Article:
Greenland Telescope

The Site

  Thule Air Base

The Greenland Telescope is currently installed and operating on the Thule Air Base in Greenland. This sea level site, located 750 miles inside the Arctic Circle, has provided a unique opportunity to build and test under arctic conditions while providing crucial access to logistics and support. Water vapor above the site is continuously monitored and, as expected, impacts our ability to use the higher resolution 345 GHz receiver currently installed. We are having great success with the 86 GHz and 230 GHz receivers.

  Summit Station

In order to fully utilize higher resolution 345 GHz receivers, the telescope needs to operate in a drier environment. Few sites in the world offer the type of environment necessary; the summit of the Greenland ice sheet is one of them. This location will also provide a northern most leg of VLBI networks necessary to truly achieve resolutions required to image black holes.

Funding dependent, the Greenland Telescope will be deployed at Summit Station, Greenland. This Arctic research station is funded by the U.S. National Science Foundation (NSF) Office of Polar Programs. It is anticipated that the Greenland Telescope would be constructed 5 miles north of the existing Summit Station Camp at 72°35'N 38°25'W and 3,210 m (10,530 ft) above mean sea level. The site is near the peak of the Greenland ice sheet, near the center of Greenland.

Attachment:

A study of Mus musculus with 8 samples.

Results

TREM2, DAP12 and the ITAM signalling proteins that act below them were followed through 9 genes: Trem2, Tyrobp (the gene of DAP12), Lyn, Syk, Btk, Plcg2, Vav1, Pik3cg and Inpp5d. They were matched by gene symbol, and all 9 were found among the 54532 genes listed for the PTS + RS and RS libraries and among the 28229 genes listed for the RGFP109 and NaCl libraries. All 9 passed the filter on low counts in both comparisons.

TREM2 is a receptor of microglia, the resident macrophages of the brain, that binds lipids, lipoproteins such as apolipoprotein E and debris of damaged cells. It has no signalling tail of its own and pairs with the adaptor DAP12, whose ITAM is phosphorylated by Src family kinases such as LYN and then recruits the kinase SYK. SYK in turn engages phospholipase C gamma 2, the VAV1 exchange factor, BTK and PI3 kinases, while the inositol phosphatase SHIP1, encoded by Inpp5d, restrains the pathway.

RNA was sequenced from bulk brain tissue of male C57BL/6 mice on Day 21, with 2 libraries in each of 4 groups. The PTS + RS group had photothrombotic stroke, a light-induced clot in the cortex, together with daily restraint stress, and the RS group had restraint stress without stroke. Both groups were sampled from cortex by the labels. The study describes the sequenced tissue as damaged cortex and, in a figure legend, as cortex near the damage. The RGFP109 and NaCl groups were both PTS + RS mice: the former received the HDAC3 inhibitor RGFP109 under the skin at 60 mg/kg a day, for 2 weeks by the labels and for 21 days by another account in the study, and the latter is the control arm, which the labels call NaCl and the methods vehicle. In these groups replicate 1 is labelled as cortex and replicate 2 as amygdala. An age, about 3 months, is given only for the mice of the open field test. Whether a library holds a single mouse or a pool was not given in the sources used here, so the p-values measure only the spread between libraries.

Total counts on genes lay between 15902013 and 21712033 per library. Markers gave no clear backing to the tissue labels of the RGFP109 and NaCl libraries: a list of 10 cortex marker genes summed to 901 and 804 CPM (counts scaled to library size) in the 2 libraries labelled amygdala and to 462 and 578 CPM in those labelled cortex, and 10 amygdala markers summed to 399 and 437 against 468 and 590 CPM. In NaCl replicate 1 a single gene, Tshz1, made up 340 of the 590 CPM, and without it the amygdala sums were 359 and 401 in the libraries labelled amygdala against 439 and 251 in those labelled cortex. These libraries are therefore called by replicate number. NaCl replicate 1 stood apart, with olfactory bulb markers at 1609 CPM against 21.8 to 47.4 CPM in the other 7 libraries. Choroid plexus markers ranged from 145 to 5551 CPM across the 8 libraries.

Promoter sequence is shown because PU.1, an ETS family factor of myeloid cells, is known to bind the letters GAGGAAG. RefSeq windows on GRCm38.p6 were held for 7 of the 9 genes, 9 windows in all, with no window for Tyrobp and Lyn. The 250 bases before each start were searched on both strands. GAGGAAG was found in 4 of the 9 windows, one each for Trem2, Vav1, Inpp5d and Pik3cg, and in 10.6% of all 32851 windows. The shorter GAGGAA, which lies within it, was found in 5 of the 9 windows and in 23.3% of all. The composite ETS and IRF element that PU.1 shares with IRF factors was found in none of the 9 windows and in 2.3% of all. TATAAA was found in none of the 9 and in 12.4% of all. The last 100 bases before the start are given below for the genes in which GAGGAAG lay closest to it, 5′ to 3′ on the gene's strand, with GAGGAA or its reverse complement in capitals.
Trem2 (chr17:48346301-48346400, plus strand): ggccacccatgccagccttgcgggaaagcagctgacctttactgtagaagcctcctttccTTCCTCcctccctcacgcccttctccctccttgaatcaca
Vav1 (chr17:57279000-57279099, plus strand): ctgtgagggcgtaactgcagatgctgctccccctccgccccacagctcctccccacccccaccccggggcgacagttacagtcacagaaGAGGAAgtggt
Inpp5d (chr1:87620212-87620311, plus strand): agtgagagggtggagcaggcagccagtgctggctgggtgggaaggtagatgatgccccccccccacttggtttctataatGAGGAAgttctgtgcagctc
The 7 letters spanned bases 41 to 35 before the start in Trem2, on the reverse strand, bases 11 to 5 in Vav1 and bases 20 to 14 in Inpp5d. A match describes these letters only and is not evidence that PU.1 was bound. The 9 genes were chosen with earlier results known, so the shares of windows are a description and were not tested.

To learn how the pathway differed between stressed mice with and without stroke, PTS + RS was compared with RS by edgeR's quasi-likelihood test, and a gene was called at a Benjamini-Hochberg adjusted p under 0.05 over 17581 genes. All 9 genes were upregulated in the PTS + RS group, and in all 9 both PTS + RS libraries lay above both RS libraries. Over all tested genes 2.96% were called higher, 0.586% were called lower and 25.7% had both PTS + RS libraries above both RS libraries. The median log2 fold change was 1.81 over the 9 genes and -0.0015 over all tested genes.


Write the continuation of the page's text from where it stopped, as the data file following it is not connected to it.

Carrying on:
Greenland Summit

Greenland Summit
Figure 01 left, Location of Summit Stations in Greenland. Figure 02 right, calculated atmospheric transmission at Apex Station for median (red) and 10% (blue) winter (Oct-May) conditions.

The NSF has operated the Summit Station since 1989 and weather data exist for almost all of this period. From 2010, twice daily radiosonde observations have been carried out alongside radiometer observations at 22, 60, 90 and 150 GHz as part of the ICECAPS program, while ASIAA has operated a 225 GHz radiometer from August 2011 through 2015. The site is extremely dry during the Oct-May observing season, with a median PWV column of 0.75 mm and PWV below 0.25mm for approximately 10% of this time. Calculated atmospheric transmission is shown in Figure 02. The site is extremely flat and wind speeds are generally low. Winter temperatures reach -65C during the coldest and clearest conditions.

The site has been manned all year round typically with 5 winter-over staff at Summit, working 10 week shifts, with 1 week overlap at each end. With the deployment of the Greenland Telescope this will need to increase to 12 winter over staff, including 5 dedicated to the Greenland Telescope. Summer staffing levels are significantly higher with maintenance and traverse crew, and summer campaign science operations. Access to the site is via ski equipped Air National Guard C130-LC and charter Twin Otter aircraft from Kangerlussuaq and Thule, and by an annual overland sled traverse from Thule. Twin Otter aircraft can reach site year round, but avoid the 2 month period of total darkness in Dec/Jan.